By: Jarryl Bryan
A delegation of Members of Parliament (MPs) from Canada, who were recently in Guyana for a five-day visit, has backed Guyana’s approach to managing its oil wealth and the likelihood that it will ensure everyone benefits equitably from the oil and gas sector.
During their recent visit, the four-member delegation of Canadian MPs held talks with top Government officials aimed at strengthening bilateral ties. The delegation was led by Canada’s Assistant Deputy Speaker, Alexandra Mendès, who noted in a broadcast sit down with the State media afterwards that Guyana is on the right track when it comes to managing its oil resources equitably.
“Citizens will expect it, from their Government and from all the players that are here now, to develop the economy, that it won’t just benefit foreigners, it will benefit the people of Guyana. So absolutely, the economic development of this country relies now on that, but it also relies on the traditional both agriculture and mining industry that have been the mainstay of Guyana’s economy before,” Mendès said.
Canadian MP Robert Kitchen, meanwhile also weighed in on the subject of managing oil resources. In particular, he highlighted the importance of local content, something the Government itself has paid particular attention to.
“It’s very important to the country, what I like to call the trickle-down effect that happens with the industry when it expands, whether in oil and gas, whether in mining. The steps that are taken and the taxes that are brought in from that, are able to be dispersed down throughout the economy.”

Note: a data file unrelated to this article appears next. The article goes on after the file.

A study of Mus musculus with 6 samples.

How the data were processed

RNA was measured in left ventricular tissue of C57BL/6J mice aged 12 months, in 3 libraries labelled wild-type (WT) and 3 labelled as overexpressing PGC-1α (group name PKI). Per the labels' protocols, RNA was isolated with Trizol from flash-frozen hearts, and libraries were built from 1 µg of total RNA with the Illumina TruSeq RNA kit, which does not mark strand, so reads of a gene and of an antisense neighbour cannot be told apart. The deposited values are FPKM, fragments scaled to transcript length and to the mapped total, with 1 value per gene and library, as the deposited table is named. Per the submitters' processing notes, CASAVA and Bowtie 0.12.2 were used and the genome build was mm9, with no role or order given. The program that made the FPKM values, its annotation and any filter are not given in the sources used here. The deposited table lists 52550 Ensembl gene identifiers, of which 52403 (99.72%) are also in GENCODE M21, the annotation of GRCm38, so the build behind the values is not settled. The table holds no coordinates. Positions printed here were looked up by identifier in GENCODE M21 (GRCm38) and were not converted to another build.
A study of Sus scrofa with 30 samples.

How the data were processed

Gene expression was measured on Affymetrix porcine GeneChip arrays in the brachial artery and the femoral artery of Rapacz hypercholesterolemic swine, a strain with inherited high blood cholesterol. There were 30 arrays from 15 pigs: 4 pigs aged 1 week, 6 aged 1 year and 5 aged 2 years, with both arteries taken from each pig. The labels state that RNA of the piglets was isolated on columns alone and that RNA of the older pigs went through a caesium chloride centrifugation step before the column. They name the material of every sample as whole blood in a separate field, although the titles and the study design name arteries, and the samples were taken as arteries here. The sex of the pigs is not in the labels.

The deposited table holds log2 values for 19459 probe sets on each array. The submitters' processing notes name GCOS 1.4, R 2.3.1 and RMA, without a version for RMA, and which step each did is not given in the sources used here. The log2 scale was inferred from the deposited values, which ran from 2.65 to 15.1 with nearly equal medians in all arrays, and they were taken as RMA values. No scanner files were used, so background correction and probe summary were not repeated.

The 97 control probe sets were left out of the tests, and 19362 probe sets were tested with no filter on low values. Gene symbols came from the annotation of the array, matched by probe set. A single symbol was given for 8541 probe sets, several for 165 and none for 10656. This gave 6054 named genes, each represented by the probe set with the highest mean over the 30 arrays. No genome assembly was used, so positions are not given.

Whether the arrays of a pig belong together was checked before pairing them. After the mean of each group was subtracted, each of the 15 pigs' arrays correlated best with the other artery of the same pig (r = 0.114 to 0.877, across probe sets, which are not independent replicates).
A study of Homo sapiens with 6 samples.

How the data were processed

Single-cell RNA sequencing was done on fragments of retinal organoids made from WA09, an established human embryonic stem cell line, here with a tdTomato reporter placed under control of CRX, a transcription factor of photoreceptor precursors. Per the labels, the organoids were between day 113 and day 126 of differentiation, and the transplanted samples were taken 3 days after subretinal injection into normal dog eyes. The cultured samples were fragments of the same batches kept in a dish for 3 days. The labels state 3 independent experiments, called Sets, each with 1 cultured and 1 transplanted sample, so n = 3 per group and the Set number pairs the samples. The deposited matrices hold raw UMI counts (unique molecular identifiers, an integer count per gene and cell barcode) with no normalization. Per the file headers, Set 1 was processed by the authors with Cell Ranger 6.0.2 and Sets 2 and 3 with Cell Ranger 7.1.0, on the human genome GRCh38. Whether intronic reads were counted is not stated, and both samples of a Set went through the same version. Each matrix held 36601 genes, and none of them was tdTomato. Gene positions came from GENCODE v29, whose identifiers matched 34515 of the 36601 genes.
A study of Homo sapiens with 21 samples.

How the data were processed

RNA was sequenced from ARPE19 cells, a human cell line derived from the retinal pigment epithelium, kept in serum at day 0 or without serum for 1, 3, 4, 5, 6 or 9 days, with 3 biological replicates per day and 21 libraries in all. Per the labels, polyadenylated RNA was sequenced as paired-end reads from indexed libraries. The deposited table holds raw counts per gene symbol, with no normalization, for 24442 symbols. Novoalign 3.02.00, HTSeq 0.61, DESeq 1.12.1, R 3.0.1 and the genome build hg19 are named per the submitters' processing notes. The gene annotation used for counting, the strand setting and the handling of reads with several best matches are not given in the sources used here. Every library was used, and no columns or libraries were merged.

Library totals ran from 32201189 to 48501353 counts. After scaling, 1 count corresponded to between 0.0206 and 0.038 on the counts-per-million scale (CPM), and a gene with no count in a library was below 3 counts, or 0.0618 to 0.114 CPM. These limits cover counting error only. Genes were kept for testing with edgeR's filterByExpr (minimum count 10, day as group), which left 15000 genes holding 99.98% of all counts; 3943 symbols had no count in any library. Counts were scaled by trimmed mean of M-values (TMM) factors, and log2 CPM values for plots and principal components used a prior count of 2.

“And the people that come in to work are staying, they’re renting places or trying to find places to rent or to buy. They’re now buying that, they’re purchasing food. And simple things like haircuts and clothing, which trickles down to the economy and spreads it out so that it enhances the country and the economy so greatly,” the MP further said.
In addition to Mendès and Kitchen, the team of parliamentarians who came to Guyana also included Senator Salma Ataullahjan and Senator Rhéal Éloi Fortin, both of whom are Canadian Branch Executive Committee Members and Canadian Branch Members respectively.
Local Content earnings for the first half of 2023 have already accounted for US$322 million, which has gone into the pockets of Guyanese service providers. The Government has meanwhile projected that Guyanese will earn US$720 million by the end of the year within the 40 carved-out areas under the local content framework.
Those positives coming out of the country’s Local Content Act were shared by the Head of the Local Content Secretariat, Martin Pertab, during a recent press conference. He also revealed that some US$518 million has been categorised as expenditure under procurement. These projections were made by utilising data from annual plans submitted by registered companies, as well as from data garnered from actual expenditure over the half-year period.
Pertab told the media, “As of June 2023, our actual expenditure related to the 40 carved-out areas was somewhere around US$322 million, representing 62 per cent of the annual target. We have also seen an increase in new hires…We have seen a 24 per cent increase in Guyanese hire.”
There are 840 local companies registered to provide services under the Local Content Secretariat. This translates to employment for 33,943 Guyanese directly and indirectly linked to supporting the sector.
The National Assembly passed the Local Content Act in December 2021. It outlines 40 different service areas that oil and gas companies and their subcontractors must procure from Guyanese and Guyanese-owned companies.
Those include 90 per cent of office space rental and accommodation services; 90 per cent of janitorial services, laundry and catering services; 95 per cent of pest control services; 100 per cent of local insurance services; 75 per cent of local supply of food; and 90 per cent of local accounting services.